Pretty much all one can glean from the trailers for The Warrior’s Way is that it has something to do with cowboys vs. ninjas. No one needs more than that honestly, but the film’s plot turned out to be surprisingly complex. While The Warrior’s Way doesn’t have the smallest budget in the world, it’s clearly a limited one, but the filmmakers spent what they had in all the right places.
Right off the bat, from the first scene to the last, what stood out to me most in The Warrior’s Way were the costumes. The costumes were over the top, and seem to have been inspired by Mortal Kombat and various space western animes like Trigun and Cowboy Bebop. I want one of the dusters that the cowboys wear, I can then officially change my middle name to McAsswhoop.
Beyond some quick action at the beginning of the movie, the first half of The Warrior’s Way is pretty damn slow. Combine this with a weak supporting cast and hit or miss acting, and I became pretty restless for action. The films protagonist, Yang (played by Dong-gun Jang), leaves his country and clan with the last living descendant of their rival clan, due to his inability to murder a baby. Yang ends up heading to the American West to find one of his old friends in a small circus town by the name of Lode. However, upon arrival he discovers that his friend is dead. From there, hardcore laundry service ensues (Don’t question.) The film then introduces a few different factions and the plot gets more complex than I had originally expected.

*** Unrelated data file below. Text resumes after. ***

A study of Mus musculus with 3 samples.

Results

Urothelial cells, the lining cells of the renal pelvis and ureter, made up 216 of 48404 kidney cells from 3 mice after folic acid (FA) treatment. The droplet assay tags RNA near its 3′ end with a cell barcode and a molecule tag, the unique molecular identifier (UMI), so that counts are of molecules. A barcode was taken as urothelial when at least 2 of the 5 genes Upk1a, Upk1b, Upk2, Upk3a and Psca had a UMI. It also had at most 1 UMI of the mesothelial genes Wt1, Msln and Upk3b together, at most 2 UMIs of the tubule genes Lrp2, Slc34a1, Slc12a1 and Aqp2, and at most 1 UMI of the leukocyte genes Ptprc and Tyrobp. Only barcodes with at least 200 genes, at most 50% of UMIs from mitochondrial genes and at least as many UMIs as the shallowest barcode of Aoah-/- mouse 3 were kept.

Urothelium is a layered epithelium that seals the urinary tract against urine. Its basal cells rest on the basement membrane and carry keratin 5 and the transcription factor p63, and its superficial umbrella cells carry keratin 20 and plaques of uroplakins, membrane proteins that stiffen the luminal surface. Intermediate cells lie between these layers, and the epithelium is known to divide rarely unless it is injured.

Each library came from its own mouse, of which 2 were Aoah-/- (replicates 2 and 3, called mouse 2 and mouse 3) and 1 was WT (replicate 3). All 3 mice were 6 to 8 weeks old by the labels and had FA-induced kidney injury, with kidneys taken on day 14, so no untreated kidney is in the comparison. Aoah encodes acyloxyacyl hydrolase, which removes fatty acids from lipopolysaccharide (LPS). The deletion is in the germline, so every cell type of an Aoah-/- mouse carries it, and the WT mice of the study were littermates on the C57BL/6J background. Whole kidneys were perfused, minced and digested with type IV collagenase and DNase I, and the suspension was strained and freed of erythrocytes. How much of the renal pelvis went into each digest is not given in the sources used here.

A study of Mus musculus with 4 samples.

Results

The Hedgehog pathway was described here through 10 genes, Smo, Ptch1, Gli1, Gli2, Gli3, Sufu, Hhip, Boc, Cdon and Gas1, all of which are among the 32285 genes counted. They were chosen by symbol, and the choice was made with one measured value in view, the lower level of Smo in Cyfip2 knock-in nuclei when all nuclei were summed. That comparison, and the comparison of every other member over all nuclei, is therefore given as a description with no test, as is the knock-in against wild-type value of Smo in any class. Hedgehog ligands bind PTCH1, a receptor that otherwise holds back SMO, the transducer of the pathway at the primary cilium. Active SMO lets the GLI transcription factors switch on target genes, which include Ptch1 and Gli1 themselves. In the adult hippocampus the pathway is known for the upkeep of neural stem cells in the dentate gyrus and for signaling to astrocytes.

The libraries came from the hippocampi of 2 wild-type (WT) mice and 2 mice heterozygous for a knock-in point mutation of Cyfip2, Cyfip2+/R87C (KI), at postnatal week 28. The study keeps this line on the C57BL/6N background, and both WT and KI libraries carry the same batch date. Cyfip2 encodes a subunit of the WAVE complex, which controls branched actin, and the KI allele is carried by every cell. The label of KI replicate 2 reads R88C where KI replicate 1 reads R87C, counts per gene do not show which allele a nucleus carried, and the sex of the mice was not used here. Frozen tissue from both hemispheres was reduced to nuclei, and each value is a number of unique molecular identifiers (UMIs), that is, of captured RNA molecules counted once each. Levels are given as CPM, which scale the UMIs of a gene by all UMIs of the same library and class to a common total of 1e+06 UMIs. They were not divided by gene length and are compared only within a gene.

There are actually two antagonists in The Warrior’s Way. The first is The Sad Flute ninja clan and their leader, appropriately named Saddest Flute. The Sad Flutes are dead set on eliminating the last of their rival clan, and this faction as a whole reminds me of Ra’s Al Ghul’s assassins from Batman Begins. We also have The Colonel and his men, a rogue platoon who periodically hold the town of Lode hostage so the Colonel can rape their young girls. Clearly the Colonel is the enemy easiest to hate. When all three factions collide in the second half of the movie, it gets real.
There are a ton of gimmicks used to shoot The Warrior’s Way, but they are all well executed and seldom repeated. Battles that clearly borrowed from films like 300, Blade, Resident Evil, and the Matrix are brutally violent, and some of the more over the top deaths will have you laughing at their absurdity or cringing in pain. Yang is consistently dodging bullets and slicing his foes into pieces with lightning speed. Although the sword fights aren’t as epic, or as evenly matched, as those you would find in films like Hero or Crouching Tiger, Hidden Dragon, they are still just as fun to watch.
The CGI in The Warrior’s Way is really hit or miss, and it’s clear the filmmakers distributed their funds carefully in this regard. A generic explosion that serves to push the narrative along may look horrible, like something from an early 90’s PC game, but a complex slow motion melee looks amazing, with blood, bullets, and limbs flying everywhere.
The good forgives the bad in The Warrior’s Way, and although it’s still pretty much what I was expecting, it’s not the disappointment I thought it would be. There have been far worse offerings this year in the action realm (I’m looking at you Expendables), so action fans shouldn’t miss this one.